Kevin Drum linked to this story about the evacuation of the Carteret Islands, a tiny atoll in the South Pacific. The sea levels have been rising, toppling trees and swallowing up the coastline. Salt water bubbles up from what were once the gardens where the islanders used to grow food. Every so often, king tides sweep across the islands; one recently cut one of them in two. Now, they’re leaving:
“This morning I stood on black volcanic sand, pressed up right against the jungle, and watched a small white boat powered by a single outboard engine run in against the shore. On board were five men from the Islands, the fathers of five families, who have come to finish building houses and gardens already begun in a cleared patch of jungle at Tinputz, on the east coast of Bougainville. When these homes are ready the five will return to the Carterets, to fetch their wives and children back. Life, they hope, will be better for them here. On the Carterets, king tides have washed away their crops and rising sea levels poisoned those that remain with salt. The people have been forced to move.
The men climbed silently from the boat and into the shallows. They splashed towards us, carrying almost nothing. From beside me, others who had come to meet them walked out quietly in welcome. The air was still, both sad and happy, which seemed to suit the moment. That single boat carrying these five men is the first wave in what is, as far as I can tell, the world’s first official evacuation of an entire people because of climate change. Some say they will be ready to bring their families here next month when the houses are completed. Others that it will be June, when the first crop of sweet potatoes will be ready to feed them.”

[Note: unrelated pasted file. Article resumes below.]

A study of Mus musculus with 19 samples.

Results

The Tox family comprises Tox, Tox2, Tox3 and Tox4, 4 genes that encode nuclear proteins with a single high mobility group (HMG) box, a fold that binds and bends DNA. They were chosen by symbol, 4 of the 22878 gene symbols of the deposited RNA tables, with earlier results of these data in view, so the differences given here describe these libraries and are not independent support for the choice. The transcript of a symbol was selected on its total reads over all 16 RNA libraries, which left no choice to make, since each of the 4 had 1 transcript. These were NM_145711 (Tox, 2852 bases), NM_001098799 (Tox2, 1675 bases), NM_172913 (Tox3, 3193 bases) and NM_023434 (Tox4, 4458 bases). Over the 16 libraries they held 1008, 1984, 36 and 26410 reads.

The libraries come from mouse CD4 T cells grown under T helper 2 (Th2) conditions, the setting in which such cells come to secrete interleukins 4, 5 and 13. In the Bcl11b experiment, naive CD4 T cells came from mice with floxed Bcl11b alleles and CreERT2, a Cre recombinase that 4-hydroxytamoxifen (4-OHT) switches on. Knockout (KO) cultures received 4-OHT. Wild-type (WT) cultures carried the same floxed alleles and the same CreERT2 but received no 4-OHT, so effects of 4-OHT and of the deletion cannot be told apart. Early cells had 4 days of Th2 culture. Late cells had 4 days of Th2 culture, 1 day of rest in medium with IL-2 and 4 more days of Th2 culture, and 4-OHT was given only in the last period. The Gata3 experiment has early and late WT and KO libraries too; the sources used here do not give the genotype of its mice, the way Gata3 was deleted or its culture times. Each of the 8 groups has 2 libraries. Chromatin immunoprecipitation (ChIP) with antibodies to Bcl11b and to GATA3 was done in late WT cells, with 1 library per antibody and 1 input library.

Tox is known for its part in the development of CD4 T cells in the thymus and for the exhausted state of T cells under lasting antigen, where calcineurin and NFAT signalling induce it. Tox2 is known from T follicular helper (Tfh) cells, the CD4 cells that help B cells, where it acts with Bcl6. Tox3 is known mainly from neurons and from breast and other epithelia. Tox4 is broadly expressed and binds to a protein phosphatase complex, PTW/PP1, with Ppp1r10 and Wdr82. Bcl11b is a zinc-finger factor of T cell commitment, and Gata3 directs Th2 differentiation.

Dan Box, who wrote that, is blogging the evacuation, though he seems to have gone silent now that he’s on the (electricity- and internet-free) islands. The islanders have set up an NGO to help with the relocation; if I can find out how to contribute, I will update accordingly. Here’s a good video report on the Carterets; it gives you a sense of what life is like there, and of the beauty of the place:
While the Carterets are a small and remote island community, the inhabitants are moving to Bougainville, which is a lot bigger, and has problems unknown to the Carterets: mining operations and attendant social, economic, and environmental issues, which led to a civil war that only concluded a few years back. It will be a huge adjustment, but it beats starving to death and watching your home gradually swallowed by the ocean.
Preemptive note: in reading up on this, I noticed that articles on the Carterets seem to attract comments about how this is not due to global warming, but to the islands sinking. I have no idea whether the islands are sinking or not; offhand, I see no reason why they shouldn’t be. But that would not show that global warming did not also contribute to what’s happening: sea levels are rising, the main cause of recent sea level rise is climate change (pdf), and sea levels are rising particularly in the region where the Carterets are found:
“In a landmark series of reports released this year, the UN climate-science network reported that seas rose by a global average of about 0.12 inch (0.3 centimeter) annually from 1993 to 2003, compared to an average of about 0.08 inch (0.2 centimeter) annually between 1961 and 2003.
A 2006 study by Australian oceanographers found the rise was much higher — almost an inch (2.5 centimeters) every year — in parts of the western Pacific and Indian oceans.”
It would be odd if the Carterets were exempted from the general rise in sea levels. If they aren’t, then the question whether the islands are sinking or not would only tell us whether climate change is the sole cause of the islanders’ problems, or one of several.